The Radio Shack stores in Hyannis at Cape Town Plaza and the Cape Cod Mall will close by March 31st according to bankruptcy court documents filed by the retailer on Thursday. The Plymouth store is slated to close by February 28th.
Locations in Orleans, Falmouth, South Yarmouth, South Dennis and East Wareham are not on the bankruptcy closing list. A New York Times story published on February 5th stated that Sprint and hedge fund Standard General agreed to buy 1,500 to 2,400 of Radio Shack’s 4,000 company-owned US stores. Sprint is anticipated to run special “store within a store” departments in up to 1,750 of those stores.
Many Cape Codders purchased their first computer from a local Radio Shack store. The TRS-80 (affectionately called the “Trash-80”) was one of the first mass-marketed microcomputers. Radio Shack’s enormous retail footprint made early personal computers accessible to consumers who wanted to visit a store and see the machine function. Local Radio Shack stores became something of a Mecca for early computer hobbyists. In the mid-1980s the Radio Shack store in South Yarmouth was designated as a “business center” and helped many small businesses get started in word processing, bookkeeping and desktop publishing.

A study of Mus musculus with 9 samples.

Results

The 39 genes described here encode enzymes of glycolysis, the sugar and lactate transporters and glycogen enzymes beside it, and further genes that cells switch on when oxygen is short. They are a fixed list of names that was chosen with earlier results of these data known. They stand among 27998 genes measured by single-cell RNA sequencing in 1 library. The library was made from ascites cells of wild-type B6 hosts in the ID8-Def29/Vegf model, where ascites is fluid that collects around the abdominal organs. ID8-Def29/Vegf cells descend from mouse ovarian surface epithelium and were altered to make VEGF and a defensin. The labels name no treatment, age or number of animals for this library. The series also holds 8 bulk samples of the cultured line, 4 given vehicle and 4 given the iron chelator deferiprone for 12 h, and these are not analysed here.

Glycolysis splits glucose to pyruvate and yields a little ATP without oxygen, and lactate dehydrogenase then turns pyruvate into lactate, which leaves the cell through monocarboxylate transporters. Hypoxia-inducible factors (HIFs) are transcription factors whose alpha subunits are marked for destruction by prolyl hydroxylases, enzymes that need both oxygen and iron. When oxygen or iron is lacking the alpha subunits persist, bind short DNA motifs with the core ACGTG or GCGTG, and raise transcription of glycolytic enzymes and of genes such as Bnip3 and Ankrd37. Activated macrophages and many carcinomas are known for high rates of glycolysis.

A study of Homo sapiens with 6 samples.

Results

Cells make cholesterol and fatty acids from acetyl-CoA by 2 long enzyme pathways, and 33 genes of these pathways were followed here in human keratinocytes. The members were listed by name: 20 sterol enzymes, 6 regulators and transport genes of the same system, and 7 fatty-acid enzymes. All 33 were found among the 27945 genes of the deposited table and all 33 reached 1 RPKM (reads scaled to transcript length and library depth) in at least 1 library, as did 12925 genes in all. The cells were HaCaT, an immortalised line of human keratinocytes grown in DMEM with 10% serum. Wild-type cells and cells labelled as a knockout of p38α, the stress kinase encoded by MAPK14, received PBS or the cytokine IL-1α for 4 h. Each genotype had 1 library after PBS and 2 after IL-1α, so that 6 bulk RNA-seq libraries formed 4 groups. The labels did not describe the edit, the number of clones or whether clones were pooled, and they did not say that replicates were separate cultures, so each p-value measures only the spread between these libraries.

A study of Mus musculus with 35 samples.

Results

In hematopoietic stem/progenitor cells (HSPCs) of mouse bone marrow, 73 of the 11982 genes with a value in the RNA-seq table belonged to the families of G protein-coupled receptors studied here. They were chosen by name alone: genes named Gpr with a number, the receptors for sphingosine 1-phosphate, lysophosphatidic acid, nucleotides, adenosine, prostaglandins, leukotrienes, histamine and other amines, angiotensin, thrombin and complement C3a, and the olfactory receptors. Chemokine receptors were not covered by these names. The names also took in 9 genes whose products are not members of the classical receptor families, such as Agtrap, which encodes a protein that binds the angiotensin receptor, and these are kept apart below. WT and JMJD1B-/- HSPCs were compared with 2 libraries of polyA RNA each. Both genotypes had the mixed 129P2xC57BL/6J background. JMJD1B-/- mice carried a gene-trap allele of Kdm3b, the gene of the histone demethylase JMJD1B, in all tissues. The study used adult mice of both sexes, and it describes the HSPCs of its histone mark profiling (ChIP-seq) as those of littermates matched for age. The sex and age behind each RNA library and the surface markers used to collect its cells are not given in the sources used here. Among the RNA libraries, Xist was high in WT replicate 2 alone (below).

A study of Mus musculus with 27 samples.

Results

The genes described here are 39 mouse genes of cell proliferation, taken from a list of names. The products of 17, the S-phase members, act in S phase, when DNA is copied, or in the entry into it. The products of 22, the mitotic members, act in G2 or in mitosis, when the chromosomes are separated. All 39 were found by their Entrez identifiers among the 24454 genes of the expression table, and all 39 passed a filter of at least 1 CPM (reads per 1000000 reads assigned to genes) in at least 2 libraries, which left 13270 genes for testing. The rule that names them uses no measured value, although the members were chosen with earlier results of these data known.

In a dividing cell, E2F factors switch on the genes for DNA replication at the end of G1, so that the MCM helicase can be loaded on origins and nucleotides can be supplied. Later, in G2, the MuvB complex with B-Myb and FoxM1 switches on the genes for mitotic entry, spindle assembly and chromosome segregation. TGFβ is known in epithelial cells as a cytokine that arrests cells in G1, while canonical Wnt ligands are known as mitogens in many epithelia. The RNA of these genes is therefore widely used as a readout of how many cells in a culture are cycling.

One veteran of the local tech industry told us about his 1984 purchase of a TRS-80 Model 4P “luggable” computer. “The Model 4P was about the side of a sewing machine and cost $1,795. A 15 megabyte hard drive, which was as big as a VCR, sold for $2,495. The 4P had two 5 1/4 inch floppy drives and a built-in 9 inch black-and-white monitor. It boasted a 4 megahertz processor and 128 megabytes of RAM. Today I carry in my pocket a 16 gigabyte flash drive in my pocket that cost $6.99 and my phone is infinitely more powerful than the old TRS-80. Still, many of us cut our teeth on those machines and still have a soft spot in our heart for Radio Shack.”